Medical Conditions Associated With Blurred Vision

Unfocused, unclear, blurry vision is a very common eyesight problem and, in most cases you have nothing to worry about it. If you have blurry eyes it could be a sign that your contacts or glasses are no longer good for your eyesight. Always check your doctor, when you start having blurriness, because you can’t know what is causing this. “Sight is such a valued sense, but there are still a lot of problems that fall through the cracks,” says Rajiv Shah, MD, assistant professor of ophthalmology at Wake Forest Baptist Medical Center. Here are some causes that can lead to blurriness.

Conjunctivitis

Conjunctivitis is caused by adenoviruses, that can cause bronchitis, sore throats and the common cold. Conjunctivitis or pink eye can spread very fast in some crowded places such as schools. “Virus particles on surfaces can stay alive for about two weeks,” says Kim Le, MD, a pediatric ophthalmologist with the Henry Ford Health System in Detroit. Without treatment conjunctivitis goes away in a few weeks, but if you have severe symptoms you must go to your doctor.

Contacts in

Don’t sleep with your contacts in! If you use them properly, you will not have any problems, but if you sleep with your contacts in, they can cause sight-robbing infections. When you are blinking, your contacts lenses are moving, and they create scratches on your eyes. Sleeping with your contacts in, Dr. Le says, “is a perfect petri dish to grow those organisms and cause corneal ulcers,” open sores on the cornea that can blur vision. “Always, always take [contact lenses] out at night,” adds Dr. Shah, or toss disposable lenses at the end of the day.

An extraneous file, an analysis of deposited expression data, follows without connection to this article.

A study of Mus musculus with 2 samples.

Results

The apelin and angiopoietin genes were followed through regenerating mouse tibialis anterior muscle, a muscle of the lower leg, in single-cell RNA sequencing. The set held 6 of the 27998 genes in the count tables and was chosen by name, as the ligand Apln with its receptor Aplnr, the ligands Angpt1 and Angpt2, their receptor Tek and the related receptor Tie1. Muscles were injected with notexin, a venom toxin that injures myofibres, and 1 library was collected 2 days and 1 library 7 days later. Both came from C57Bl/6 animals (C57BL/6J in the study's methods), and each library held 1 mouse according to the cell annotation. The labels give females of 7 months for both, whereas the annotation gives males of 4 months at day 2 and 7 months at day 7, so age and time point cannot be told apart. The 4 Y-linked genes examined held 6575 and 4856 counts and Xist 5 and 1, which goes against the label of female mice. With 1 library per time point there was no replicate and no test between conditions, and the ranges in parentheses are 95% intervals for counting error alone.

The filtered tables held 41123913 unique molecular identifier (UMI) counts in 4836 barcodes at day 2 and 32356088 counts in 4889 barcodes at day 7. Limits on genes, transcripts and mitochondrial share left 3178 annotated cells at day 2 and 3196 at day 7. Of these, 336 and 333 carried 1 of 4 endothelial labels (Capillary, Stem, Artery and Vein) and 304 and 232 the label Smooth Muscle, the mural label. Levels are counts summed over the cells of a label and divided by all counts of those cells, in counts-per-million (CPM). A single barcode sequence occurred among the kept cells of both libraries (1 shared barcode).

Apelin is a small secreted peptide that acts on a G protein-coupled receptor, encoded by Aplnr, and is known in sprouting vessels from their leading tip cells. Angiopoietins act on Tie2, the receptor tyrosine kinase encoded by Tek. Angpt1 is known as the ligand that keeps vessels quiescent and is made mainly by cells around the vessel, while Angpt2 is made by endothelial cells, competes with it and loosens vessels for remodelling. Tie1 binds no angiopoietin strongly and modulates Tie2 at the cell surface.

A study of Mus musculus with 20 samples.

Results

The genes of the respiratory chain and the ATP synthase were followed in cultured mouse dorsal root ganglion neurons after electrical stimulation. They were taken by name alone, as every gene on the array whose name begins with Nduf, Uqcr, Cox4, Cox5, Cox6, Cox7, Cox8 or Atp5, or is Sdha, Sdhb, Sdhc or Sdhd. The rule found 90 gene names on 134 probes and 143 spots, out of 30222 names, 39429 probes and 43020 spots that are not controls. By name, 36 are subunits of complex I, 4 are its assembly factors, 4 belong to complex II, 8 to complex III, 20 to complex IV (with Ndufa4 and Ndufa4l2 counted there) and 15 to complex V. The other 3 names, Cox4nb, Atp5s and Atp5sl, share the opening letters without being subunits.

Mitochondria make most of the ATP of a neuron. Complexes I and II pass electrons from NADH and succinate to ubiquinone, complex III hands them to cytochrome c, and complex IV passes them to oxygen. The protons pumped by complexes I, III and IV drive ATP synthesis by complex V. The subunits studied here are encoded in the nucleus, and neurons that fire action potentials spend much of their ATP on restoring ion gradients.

Infection

Eye infections aren’t caused just by your contact lenses. They can also be caused by the herpes virus. You can get the herpes keratitis infection if you have a cold sore on your lips and you touch it before you have touched your eyes. Fortunately, your cornea has antibodies and fights with every type of infection, but is better to prevent than to treat. “The cornea is an amazing structure,” says Bibiana Reiser, MD, assistant professor of ophthalmology at the Keck School of Medicine, University of Southern California and director of cornea and glaucoma services at Children’s Hospital of Los Angeles. “It has a lot of [antibodies] that kill things directly on contact.”

Cataracts

Aging comes with a lot of problems and one of those problems can be cataracts. Almost half of Americans have cataracts by age 75. Cataracts is when the lenses of your eyes become blurry and they block the light for your retina. This eye problem isn’t painful, but in some cases, they can grow, and they can damage your eyesight. When it comes to this, cataracts are treated with surgery. “That is one of the most successful surgeries in all of medicine,” Dr. Shah says.

Glaucoma

Glaucoma can damage the optic nerve, because of the extra pressure in the eye. Glaucoma is slow to develop, and it comes with aging, just like cataracts. “Patients with glaucoma don’t even know it because the vision loss happens over decades,” Dr. Shah says. “There’s really no way to suspect other than regular eye evaluations.” There are a lot of treatments when you have a diagnosis such are prescription medications, surgery or laser treatment.